Unlike all-wheel drive systems, most four-wheel drive (often referred to as 4WD or 4X4) systems are “part-time”, requiring the driver to activate them. In contrast to AWD systems, 4WD systems send power to all four wheels equally, regardless of their traction. They’re often found on pickup trucks and large SUVs designed for extensive off-road driving. Four-wheel drive works well for people who live in rural areas and encounter unplowed roads, deep snow, and uneven terrain. Many truck-based 4WD systems also have a low gear setting which can be useful for tackling steep hills. For those off the beaten path, the combination of four-wheel drive with winter tires, high ground clearance and low-range power delivery to all wheels provided by 4WD pickups or large SUVs can be crucial to winter mobility.
Most passenger cars and crossovers are designed with front-wheel drive (FWD). This can be a good option for driving in snow since most of the car’s weight is above the two driving wheels which aids in traction. Because the drivetrain in a FWD vehicle is essentially pulling the vehicle along, it is less likely to experience oversteer, which is the rear of the vehicle sliding out when cornering and causing a much sharper turn than desired. When coupled with a set of good winter tires, these vehicles can perform even better on snow and ice.
Rear-wheel drive (RWD) is common on sports cars, trucks and truck-based SUVs. RWD is less common in modern compact cars and car-based SUVs. RWD usually allows a more even weight distribution and better handling in ideal driving conditions as the front wheels are responsible for steering while the rear wheels are tasked with sending power to the road. Rear-wheel drive is often less ideal for driving in the snow. In most situations, RWD vehicles have less weight over the driven wheels than a FWD, AWD or 4WD vehicle, so they will have more difficulty accelerating on icy roads and a greater possibility of losing control of the rear of the vehicle. A good set of winter tires can be a tremendous help to giving these vehicles secure traction and handling in snowy and icy conditions.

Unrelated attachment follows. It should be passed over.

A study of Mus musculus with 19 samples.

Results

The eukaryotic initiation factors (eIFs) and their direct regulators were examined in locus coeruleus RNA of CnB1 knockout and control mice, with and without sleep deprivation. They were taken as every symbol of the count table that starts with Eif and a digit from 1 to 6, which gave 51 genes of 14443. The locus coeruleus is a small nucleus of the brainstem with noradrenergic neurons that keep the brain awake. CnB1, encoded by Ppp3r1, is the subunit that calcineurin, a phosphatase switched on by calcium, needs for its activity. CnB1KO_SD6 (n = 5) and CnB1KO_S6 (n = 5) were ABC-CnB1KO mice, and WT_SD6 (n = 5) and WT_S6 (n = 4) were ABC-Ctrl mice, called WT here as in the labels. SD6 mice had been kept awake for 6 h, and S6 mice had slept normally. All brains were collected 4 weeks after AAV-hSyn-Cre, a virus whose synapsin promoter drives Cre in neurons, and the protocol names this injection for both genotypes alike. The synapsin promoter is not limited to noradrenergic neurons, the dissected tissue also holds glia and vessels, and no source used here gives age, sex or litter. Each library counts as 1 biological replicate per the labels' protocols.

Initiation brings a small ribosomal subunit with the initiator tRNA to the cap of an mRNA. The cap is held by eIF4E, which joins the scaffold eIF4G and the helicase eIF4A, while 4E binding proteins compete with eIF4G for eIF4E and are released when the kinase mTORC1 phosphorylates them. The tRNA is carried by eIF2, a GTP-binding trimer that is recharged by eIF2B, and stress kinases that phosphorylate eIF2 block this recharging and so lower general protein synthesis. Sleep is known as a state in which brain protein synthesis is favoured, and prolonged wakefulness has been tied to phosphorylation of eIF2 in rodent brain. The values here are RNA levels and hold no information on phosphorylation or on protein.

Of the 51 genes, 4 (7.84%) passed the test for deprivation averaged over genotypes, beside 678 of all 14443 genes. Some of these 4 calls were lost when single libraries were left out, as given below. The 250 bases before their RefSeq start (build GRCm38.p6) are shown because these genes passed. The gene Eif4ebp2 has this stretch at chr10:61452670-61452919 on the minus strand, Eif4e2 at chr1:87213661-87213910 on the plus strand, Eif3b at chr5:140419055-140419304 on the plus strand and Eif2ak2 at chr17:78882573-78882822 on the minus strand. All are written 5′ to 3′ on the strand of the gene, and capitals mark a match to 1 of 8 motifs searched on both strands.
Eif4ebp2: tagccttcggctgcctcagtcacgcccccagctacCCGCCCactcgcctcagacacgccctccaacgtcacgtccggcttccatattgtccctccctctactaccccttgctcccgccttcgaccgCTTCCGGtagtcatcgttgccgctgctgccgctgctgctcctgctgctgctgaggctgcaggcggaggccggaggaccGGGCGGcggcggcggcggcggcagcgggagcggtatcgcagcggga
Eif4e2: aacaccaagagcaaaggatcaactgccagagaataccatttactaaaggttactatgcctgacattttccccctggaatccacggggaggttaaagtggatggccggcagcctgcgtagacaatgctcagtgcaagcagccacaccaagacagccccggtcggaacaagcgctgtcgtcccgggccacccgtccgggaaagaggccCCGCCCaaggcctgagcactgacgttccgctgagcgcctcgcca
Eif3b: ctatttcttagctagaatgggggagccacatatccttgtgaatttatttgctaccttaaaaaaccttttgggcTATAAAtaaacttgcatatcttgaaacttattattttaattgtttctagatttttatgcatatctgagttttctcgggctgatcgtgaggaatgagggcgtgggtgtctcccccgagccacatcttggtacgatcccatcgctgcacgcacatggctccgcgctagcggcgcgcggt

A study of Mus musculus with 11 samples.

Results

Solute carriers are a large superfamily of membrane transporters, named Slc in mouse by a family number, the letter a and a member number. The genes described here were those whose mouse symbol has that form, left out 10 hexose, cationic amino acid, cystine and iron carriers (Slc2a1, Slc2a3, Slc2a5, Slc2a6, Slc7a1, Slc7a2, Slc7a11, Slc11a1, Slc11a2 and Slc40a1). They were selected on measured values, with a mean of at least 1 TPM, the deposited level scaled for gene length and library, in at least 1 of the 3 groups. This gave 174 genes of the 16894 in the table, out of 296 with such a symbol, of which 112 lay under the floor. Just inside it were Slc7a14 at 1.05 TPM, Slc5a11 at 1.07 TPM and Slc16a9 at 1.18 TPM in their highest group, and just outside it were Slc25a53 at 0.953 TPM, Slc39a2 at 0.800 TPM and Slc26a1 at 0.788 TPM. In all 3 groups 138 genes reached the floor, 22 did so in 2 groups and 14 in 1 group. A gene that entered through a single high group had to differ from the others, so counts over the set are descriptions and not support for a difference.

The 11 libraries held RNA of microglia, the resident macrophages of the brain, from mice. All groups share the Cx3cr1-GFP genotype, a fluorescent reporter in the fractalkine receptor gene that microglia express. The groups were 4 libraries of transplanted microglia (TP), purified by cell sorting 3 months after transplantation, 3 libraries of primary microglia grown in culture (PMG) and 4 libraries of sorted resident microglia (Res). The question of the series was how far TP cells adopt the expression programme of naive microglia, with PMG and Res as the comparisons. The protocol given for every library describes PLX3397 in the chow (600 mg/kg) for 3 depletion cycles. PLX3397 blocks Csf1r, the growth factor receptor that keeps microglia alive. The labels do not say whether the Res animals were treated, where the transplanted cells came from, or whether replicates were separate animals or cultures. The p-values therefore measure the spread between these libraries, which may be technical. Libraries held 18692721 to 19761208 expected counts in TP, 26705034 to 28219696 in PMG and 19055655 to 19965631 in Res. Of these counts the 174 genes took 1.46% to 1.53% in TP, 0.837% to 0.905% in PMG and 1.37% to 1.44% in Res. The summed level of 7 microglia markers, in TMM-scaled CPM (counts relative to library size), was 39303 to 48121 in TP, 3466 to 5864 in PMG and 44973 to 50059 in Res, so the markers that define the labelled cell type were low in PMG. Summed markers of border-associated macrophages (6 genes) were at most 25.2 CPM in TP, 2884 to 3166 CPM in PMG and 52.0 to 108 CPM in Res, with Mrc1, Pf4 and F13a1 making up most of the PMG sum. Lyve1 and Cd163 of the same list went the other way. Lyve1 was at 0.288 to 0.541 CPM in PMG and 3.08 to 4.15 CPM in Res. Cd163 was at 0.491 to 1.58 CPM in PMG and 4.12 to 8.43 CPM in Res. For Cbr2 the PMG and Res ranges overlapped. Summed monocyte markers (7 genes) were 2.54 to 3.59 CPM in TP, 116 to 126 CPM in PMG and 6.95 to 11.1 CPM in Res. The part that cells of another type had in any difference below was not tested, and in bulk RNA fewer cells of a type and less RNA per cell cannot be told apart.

Best Car/Tire Combination for Tackling Snow
Where you live should determine the type of drivetrain you look for in a vehicle. If you live in an area that sees heavy snowfall, the best option will be AWD or 4WD coupled with good winter tires.
● City driving with moderate snow and ice – FWD or RWD with winter tires will suffice. This won’t be the best option for deep snow, but it will be the most economical option since AWD vehicles are usually more expensive and use more fuel due to the extra weight of the AWD system. AWD vehicles with all-season tires may be acceptable if the roads are plowed frequently.
● City driving with heavy snow and occasional rural driving – AWD with winter tires is your most versatile option. You will be able to handle winter’s worst conditions and still maintain performance on clear, dry roads.
● Rural driving on unplowed roads and deep snow – If tackling steep hills on rutted, unpaved roads is a necessity, you may need 4WD with a low gear settings. Otherwise, AWD with winter tires should do the trick as most AWD vehicles also provide sufficient ground clearance.
Bridgestone Winter and Snow Tires
As multiple independent tests have concluded, winter tires are the greatest differentiating factor in a vehicle’s performance on snow and ice and only make an AWD or 4WD vehicle even more capable in winter weather.
Bridgestone winter tires offer the latest technology in tire compounds and tread design to help you drive confidently in winter’s worst conditions. The Blizzak line includes a variety of studless, performance, and truck/SUV winter tires to match your driving needs.